Last week, the Washington Post Magazine debuted the "XX Files," a weekly feature that will spotlight personal essays by female writers. The first piece was awesome—a story about how bullshitting can land you naked in a Finnish embassy sauna, by local poet Sandra Beasley. In an online chat today, Beasley and Washington Post Magazine editor Sandy Fernandez answered some questions about the new column.
Beyond the usual fanfare and old-middle-school-classmate appearances, the chat also featured questions from readers wondering if designating a feature specifically for women writers was a bit, well, regressive:
Falls Church, Va.: Isn't XX Files a bit of a throwback to the days when Style was the "For And About women" section? In 2008, do we really want to present women's voices as something Other—something separate from "normal" voices—to be segregated and literally put in the back of the magazine?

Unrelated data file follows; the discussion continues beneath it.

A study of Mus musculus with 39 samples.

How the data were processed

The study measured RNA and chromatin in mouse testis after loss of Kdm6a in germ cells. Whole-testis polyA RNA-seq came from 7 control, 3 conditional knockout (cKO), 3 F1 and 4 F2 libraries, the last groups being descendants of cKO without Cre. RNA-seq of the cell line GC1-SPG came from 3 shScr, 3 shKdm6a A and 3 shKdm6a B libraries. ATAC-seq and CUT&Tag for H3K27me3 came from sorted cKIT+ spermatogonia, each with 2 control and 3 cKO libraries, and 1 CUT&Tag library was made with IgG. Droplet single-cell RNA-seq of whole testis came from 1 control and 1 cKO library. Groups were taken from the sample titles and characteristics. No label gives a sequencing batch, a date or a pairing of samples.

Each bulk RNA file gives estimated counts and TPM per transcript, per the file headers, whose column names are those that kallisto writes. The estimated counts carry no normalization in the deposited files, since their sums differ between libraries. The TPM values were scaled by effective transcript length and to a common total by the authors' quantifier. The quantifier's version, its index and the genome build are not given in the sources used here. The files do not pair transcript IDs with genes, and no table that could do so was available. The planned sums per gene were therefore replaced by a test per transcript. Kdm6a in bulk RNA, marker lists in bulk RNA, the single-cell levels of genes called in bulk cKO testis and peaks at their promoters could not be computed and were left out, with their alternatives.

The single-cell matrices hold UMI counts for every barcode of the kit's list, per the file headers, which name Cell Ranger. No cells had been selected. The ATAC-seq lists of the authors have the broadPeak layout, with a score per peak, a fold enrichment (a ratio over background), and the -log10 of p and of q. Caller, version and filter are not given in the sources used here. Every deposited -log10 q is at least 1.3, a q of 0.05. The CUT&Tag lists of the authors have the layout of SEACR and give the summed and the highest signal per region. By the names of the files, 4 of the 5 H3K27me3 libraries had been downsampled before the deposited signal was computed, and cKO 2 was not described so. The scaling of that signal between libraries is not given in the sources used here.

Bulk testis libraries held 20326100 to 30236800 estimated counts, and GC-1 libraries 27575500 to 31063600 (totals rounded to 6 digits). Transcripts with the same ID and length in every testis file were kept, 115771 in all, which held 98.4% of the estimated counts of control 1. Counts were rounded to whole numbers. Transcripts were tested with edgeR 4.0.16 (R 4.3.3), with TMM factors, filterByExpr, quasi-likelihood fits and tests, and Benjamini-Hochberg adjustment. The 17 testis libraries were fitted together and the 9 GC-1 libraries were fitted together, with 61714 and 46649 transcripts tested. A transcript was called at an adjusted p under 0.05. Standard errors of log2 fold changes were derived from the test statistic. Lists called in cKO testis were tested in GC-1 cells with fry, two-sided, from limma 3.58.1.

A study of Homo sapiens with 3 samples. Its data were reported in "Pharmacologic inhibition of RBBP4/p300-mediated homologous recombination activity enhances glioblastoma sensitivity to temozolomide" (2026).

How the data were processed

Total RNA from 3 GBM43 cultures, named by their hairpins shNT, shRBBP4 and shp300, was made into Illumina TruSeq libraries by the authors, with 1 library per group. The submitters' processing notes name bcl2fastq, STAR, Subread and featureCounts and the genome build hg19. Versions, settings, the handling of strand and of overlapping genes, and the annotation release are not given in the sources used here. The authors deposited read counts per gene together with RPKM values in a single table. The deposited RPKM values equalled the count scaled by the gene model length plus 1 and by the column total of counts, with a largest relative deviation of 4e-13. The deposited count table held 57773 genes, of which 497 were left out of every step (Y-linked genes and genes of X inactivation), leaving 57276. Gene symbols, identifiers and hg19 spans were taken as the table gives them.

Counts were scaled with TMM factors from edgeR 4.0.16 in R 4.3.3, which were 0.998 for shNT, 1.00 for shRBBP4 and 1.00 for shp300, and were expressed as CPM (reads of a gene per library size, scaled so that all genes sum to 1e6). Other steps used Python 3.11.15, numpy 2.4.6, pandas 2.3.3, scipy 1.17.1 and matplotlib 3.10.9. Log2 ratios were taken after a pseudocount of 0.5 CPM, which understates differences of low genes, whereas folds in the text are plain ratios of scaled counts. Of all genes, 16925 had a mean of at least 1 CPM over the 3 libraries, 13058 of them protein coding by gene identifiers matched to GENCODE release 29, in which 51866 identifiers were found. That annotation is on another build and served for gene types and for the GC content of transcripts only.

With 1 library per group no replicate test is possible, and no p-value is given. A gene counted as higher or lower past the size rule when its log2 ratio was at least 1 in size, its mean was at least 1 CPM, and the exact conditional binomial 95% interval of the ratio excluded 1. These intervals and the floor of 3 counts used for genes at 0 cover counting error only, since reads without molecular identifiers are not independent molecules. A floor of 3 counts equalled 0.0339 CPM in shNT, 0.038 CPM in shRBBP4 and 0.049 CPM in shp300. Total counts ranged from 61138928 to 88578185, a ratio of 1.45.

Washington, D.C.: Is it just me, or does the XX Files read a bit like those old "Women's Sections" I've read that newspapers used to have? The ghetto's updated for the times, but it's still a ghetto.
Fernandez's response: "I think there is a limiting aspect to 'ghetto' that isn't there for 'XX Files.' In the olden days, they said the Style section was a ghetto because it was the 'only' place in the paper that published women, or published on topics of interest to women. These days, we welcome women in all sections of the magazine. Except for Gene's page–that's strictly a Gene ghetto."
I think the feature's great; I'm interested in any writing about women's issues that manages to avoid "When Your Boobs Act Weird" and "The Girlfriend Habit That Will Deepen His Love" territory. What do you think: Should the Post send this feature back to the kitchen?